DIY Test Equipment for Audio and Ham Radio Enthusiasts:
An Ultra Low Noise (=<1ppb) Programmable Audio Oscillator

The "Uber Oscillator" -- a design from Linear Technology's AN-67, by Dale Eagar "Using Super Op Amps to Push Technological Frontiers, an Ultrapure Oscillator".  The author reported that the distortion was immeasurable !!!

To see the article on Linear Technology's website, click on "Application Notes" and scroll down to AN-67

For the complete description you should refer to Linear's Application Note.  We have produced the schematic here, using our schematic capture program Multisim so that the design could be converted to a printed circuit board.  Speaking of circuit boards, this design uses a quad current-feedback operational amplifier, the LT1230,  in the "Super Gain Block" (first schematic) -- these very fast devices should be used with a printed circuit board.  The "OffPage" connectors are used to link the two schematics in Multisim.  



Construction:  Place and solder in the following order: resistors, integrated circuits, capacitors, trimmer resistors, power and output connectors.  The oscillator should be placed in a shielded chassis, preferably one with good shielding properties like a steel cookie tin.  To get the project started I used a large cookie tin and 10 D-Cells to provide +/- 7.5 volts.  
Testing:  You will need an oscilloscope to test the oscillator.  The first trick is to get it to oscillate -- place the Output Amplitude and 2nd Harmonic trimpots to their 50% positions. With your scope set as follows: 50mV/division vertical, 20uS/horizontal, DC coupling adjust the 2nd Harmonic Trimpot  until the output voltage offsets some tens of millivolts above 0 volts reference.  Then slowly adjust the Gain Trimpot until oscillation kicks in.  You should get anwhere from 700 mV to 7.5 V peak to peak reading, and it won't be pretty.  For a pure sine-wave the you will have to back off the Gain Trimpot and "twiddle" the Output Amplitude Trimpor for a reading of 5V peak to peak.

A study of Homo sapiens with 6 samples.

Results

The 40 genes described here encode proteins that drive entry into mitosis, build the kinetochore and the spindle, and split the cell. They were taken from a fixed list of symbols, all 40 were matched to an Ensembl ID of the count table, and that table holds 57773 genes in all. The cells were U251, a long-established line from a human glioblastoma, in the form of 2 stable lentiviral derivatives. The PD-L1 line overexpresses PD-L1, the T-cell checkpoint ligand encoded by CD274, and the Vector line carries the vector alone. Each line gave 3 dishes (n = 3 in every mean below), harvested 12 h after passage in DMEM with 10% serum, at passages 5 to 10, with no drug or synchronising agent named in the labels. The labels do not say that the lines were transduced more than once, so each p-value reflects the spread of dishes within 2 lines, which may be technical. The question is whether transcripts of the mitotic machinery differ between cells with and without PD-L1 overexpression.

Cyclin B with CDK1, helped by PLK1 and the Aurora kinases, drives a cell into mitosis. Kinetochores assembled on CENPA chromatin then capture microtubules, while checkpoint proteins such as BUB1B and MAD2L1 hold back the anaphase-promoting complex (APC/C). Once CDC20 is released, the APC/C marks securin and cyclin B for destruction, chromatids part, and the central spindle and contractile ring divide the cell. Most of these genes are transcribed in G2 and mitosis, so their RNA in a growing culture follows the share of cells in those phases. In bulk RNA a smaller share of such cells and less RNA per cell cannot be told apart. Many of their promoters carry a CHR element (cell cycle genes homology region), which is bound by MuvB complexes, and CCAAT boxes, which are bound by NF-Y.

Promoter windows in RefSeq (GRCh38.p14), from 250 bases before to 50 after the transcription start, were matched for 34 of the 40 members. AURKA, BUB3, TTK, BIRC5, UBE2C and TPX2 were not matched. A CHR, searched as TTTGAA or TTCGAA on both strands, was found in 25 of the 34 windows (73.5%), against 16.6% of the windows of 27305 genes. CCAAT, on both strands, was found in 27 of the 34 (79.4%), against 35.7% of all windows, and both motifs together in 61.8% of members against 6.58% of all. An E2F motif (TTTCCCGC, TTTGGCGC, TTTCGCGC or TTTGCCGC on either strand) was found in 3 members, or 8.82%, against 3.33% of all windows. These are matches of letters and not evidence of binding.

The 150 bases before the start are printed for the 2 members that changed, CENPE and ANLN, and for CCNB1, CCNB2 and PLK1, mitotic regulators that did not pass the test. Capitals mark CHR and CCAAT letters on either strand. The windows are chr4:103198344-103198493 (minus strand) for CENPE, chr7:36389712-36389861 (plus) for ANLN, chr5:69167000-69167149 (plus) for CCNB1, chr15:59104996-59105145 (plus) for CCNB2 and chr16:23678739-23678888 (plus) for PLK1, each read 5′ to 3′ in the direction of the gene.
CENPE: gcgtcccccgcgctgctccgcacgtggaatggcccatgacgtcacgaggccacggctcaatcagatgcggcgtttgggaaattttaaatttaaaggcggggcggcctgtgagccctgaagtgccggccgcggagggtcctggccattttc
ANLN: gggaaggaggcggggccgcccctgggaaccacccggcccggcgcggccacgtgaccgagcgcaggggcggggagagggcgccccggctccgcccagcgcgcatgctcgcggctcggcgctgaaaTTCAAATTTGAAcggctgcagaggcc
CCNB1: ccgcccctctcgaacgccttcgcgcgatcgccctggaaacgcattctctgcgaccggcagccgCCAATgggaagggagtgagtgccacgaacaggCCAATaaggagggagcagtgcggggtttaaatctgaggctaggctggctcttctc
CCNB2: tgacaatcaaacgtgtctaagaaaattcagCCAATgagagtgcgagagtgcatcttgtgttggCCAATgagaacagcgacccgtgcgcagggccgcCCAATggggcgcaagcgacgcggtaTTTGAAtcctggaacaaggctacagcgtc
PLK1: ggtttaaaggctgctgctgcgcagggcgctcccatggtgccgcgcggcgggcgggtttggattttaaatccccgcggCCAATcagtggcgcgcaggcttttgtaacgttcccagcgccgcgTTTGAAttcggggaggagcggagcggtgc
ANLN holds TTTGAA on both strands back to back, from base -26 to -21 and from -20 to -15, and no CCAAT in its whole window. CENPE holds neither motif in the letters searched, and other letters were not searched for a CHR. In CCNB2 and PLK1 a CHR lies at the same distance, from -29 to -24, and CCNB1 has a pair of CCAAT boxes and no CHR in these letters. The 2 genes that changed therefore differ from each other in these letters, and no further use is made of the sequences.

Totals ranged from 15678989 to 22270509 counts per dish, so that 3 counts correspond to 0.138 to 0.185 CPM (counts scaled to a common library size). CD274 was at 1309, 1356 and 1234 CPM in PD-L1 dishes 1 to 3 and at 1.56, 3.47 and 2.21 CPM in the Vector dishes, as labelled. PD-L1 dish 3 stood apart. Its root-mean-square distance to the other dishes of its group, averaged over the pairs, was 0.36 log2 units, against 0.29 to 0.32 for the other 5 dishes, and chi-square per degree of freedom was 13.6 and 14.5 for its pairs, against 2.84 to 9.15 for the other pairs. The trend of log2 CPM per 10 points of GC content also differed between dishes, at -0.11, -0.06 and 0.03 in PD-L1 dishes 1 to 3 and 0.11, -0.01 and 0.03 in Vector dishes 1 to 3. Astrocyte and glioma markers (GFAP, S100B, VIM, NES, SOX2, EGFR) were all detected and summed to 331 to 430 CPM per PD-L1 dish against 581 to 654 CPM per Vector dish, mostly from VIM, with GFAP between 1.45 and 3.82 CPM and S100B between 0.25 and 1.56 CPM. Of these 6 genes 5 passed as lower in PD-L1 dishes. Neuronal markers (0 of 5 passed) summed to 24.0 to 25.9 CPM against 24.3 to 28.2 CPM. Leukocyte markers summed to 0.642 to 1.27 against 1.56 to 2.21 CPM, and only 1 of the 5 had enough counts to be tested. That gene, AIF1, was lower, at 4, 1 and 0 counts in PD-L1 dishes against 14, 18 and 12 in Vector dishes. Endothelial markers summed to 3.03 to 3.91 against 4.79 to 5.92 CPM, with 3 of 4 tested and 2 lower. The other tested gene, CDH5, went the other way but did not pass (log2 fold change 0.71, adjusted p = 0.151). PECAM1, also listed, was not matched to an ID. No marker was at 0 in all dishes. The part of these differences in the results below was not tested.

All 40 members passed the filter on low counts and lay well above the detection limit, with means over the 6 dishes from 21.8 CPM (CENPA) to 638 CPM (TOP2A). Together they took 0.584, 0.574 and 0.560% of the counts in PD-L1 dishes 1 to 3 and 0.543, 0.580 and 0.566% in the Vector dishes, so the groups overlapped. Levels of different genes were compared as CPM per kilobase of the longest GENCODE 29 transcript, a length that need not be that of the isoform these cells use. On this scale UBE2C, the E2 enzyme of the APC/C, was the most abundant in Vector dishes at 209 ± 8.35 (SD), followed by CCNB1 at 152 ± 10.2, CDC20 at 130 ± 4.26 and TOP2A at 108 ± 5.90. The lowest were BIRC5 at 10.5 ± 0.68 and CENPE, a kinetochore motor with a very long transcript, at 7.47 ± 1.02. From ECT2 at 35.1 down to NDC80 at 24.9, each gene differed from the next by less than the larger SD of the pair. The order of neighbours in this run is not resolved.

Results: We ran a comparison of the Super Oscillator and the oscillator of the Boonton 1120 THD analyzer. Both devices were fed to a Tektronix DA4084 Distortion Analyzer and the notched output displayed on the HP 3577a. Spectrum Analyzer.  Note that the vertical sensitivity of the Super Oscillator graph is 1uV/division, but 2uV/division for the Boonton.  Both plots were done with a 20dB attenuator.  The average noise level of the Super Oscillator is a bit higher than the Boonton, but the harmonics are virtually non-existent.  In fairness to the Boonton, once it settles down for a few minutes the 2nd and 3rd harmonics become very small.